By Stewart Gandolf
Chief Executive Officer
Healthcare marketing is having a milestone moment. Because the nation’s healthcare delivery system has experienced sweeping changes in the past few years, the textbook list of medical marketing fundamentals needs a significant adjustment.
Henceforth, PATIENT EXPERIENCE joins the classic “Seven Ps” of a marketing mix—PEOPLE, PRODUCT, PRICE, PROMOTION, PLACE, PACKAGING, and POSITIONING—for a new total of eight fundamentals.
The primary reason for making Patient Experience a basic category of its own is:
For healthcare consumers, personal experience is the number one reason for choosing a doctor or hospital.
Industry thought leaders have recognized it. Insurance systems have required it. Innovative providers have been implementing it. And respected consumer surveys have quantified it. The user experience, and patient satisfaction, are primary drivers in the new healthcare consumerism movement.
For documentation, a new PricewaterhouseCoopers (PwC) report compared healthcare consumer purchasing attitudes with several other industries. They found that personal experience was two times more important in healthcare than to consumers in other industries.
Patient Experience…often the forgotten “P”
Since we’re rewriting the textbooks, Patient Experience deserves to be the first “P” on our new list of eight items. Healthcare is—perhaps more than any other industry—a people business. Yes, “people” is already on the list, and that serves well for defining audience characteristics. And, we agree that elements of “patient experience” are logical ingredients among other headings, such as Product, Place and Positioning.
Our point is, PATIENT EXPERIENCE has emerged as a fundamental marketing consideration that requires the weight and support of its own section in a medical marketing plan. From the hospital or practice branding to the operation of the practice and the training requirements of the staff…patient experience is now a key measure of success in healthcare delivery.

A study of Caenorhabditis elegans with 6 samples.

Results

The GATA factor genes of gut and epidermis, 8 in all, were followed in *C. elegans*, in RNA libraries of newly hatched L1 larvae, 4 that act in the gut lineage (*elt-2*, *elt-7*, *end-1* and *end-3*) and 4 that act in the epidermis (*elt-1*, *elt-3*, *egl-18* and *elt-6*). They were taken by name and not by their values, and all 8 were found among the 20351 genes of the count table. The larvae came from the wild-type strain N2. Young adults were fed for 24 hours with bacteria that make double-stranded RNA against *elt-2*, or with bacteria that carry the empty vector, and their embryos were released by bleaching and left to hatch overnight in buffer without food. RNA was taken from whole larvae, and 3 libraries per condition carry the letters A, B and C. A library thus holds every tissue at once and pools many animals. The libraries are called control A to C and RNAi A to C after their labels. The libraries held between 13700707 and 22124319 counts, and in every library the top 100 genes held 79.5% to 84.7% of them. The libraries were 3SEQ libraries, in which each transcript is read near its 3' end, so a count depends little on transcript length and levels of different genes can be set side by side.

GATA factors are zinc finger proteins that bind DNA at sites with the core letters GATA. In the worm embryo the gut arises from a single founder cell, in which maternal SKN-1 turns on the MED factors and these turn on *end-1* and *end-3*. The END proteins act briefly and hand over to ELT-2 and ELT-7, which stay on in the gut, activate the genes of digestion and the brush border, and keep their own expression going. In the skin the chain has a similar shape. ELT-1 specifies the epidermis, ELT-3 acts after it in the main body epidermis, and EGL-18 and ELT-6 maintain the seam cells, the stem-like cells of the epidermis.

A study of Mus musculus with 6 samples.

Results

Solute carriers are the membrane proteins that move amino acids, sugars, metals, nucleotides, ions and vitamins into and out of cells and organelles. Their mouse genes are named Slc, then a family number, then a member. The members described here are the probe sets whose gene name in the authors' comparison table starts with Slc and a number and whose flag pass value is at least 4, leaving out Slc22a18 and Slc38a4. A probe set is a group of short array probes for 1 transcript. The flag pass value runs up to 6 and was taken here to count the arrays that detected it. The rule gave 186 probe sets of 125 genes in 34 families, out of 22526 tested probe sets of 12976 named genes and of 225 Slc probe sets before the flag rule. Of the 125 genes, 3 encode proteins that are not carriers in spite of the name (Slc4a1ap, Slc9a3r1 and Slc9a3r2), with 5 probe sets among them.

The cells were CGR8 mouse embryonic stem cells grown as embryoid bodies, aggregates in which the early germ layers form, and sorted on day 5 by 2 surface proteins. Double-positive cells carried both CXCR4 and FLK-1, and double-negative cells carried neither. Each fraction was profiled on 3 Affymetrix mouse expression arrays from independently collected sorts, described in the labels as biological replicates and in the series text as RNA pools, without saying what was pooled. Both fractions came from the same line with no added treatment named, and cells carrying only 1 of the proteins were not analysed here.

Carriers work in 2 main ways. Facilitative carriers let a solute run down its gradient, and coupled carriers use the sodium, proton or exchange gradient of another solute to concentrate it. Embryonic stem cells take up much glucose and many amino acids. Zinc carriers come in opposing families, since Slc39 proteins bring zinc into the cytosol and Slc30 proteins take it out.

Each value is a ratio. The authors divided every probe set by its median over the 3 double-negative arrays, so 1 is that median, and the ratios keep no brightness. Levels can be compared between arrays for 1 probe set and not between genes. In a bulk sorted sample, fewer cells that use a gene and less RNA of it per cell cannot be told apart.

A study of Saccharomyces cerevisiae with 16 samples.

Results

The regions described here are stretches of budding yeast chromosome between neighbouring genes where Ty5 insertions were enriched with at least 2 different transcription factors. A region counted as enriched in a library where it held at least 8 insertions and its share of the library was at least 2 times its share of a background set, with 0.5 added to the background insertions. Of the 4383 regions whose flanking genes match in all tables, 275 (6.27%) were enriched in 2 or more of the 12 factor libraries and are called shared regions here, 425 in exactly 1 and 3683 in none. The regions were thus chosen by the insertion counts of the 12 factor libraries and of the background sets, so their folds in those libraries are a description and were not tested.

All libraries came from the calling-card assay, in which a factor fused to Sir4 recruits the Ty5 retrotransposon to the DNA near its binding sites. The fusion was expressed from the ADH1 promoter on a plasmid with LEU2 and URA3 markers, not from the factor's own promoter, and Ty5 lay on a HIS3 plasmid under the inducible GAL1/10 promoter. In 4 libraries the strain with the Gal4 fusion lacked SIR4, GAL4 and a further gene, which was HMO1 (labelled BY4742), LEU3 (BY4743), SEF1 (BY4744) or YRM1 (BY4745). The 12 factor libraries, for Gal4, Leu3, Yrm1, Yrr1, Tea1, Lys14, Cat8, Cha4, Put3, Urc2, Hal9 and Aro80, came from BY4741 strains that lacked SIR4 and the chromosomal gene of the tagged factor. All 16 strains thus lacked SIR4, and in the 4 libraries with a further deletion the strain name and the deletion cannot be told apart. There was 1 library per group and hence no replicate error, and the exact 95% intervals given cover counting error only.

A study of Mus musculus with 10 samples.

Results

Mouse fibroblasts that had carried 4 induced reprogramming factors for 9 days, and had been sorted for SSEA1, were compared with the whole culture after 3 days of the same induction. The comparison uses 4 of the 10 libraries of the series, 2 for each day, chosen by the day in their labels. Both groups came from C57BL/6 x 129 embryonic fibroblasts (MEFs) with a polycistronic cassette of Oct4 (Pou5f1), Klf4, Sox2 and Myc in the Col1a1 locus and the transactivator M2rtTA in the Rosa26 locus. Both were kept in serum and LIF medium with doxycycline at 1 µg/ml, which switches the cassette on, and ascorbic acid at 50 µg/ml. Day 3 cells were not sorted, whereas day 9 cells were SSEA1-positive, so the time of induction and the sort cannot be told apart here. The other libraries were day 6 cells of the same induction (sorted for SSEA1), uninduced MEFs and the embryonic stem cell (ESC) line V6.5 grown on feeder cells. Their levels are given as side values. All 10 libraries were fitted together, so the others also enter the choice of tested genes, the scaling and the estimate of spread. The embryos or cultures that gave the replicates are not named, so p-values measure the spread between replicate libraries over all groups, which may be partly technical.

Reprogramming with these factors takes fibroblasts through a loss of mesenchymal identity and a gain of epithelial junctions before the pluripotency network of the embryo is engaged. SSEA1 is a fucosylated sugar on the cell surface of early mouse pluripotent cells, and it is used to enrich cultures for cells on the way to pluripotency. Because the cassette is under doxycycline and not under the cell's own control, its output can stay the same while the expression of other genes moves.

Healthcare is a service industry, and the patient experience—and all that it includes—is a primary deliverable. For many facilities and providers, the problem is that this is the forgotten—or neglected—fundamental marketing “P.” Two traditional models (now beginning to fade), have been the:
- Physician-centered business, where the provider’s time was the principle focus; or
- Transaction-centered business, where the administrative (patient) flow was the core of the practice culture and mindset.
But beyond the fundamental need to deliver quality clinical care (and successful medical outcomes), neither of these administrative structures puts the patient’s overall experience first, or were tested by a need for patient satisfaction. Consumerism is a new word in the vocabulary of the healthcare industry. And comparatively speaking, medical delivery systems are only beginning to respond to needs, wants and preferences of “buyers.”
Staff training, as one example, is often a vital plan component and a key influence factor. In fact, provider staff attitude was the main contributor to positive experiences by 70 percent of consumers, according to the PwC report, compared to 38 percent of retail shoppers and 33 percent of bank, and airline customers.
By comparison, in “brick-and-mortar” retail venues, value of employee training and customer interaction is acknowledged as a primary, and sometimes outright critical, a necessity. For example, the CEO of electronics big-box retailer Best Buy is applying more resources on employee training as the primary key to reviving stores and declining sales.
The PATIENT EXPERIENCE transcends virtually all of the many facets of hospital and provider operations and marketing and it requires a first-position listing among the (now) Eight “Ps” of Healthcare Marketing. The “experience” has never been more important to the selection of providers and the overall success of the business.
With healthcare consumers increasingly aware of, and willing to exercise, their options, Patient Experience cannot be forgotten or neglected. It is an essential marketing component that requires its own plan, goals, strategies, tactics, and resources. Welcome the new “P.”
For additional reading on this topic, see our earlier article, A Fresh Look at the 7 Ps of Healthcare Marketing.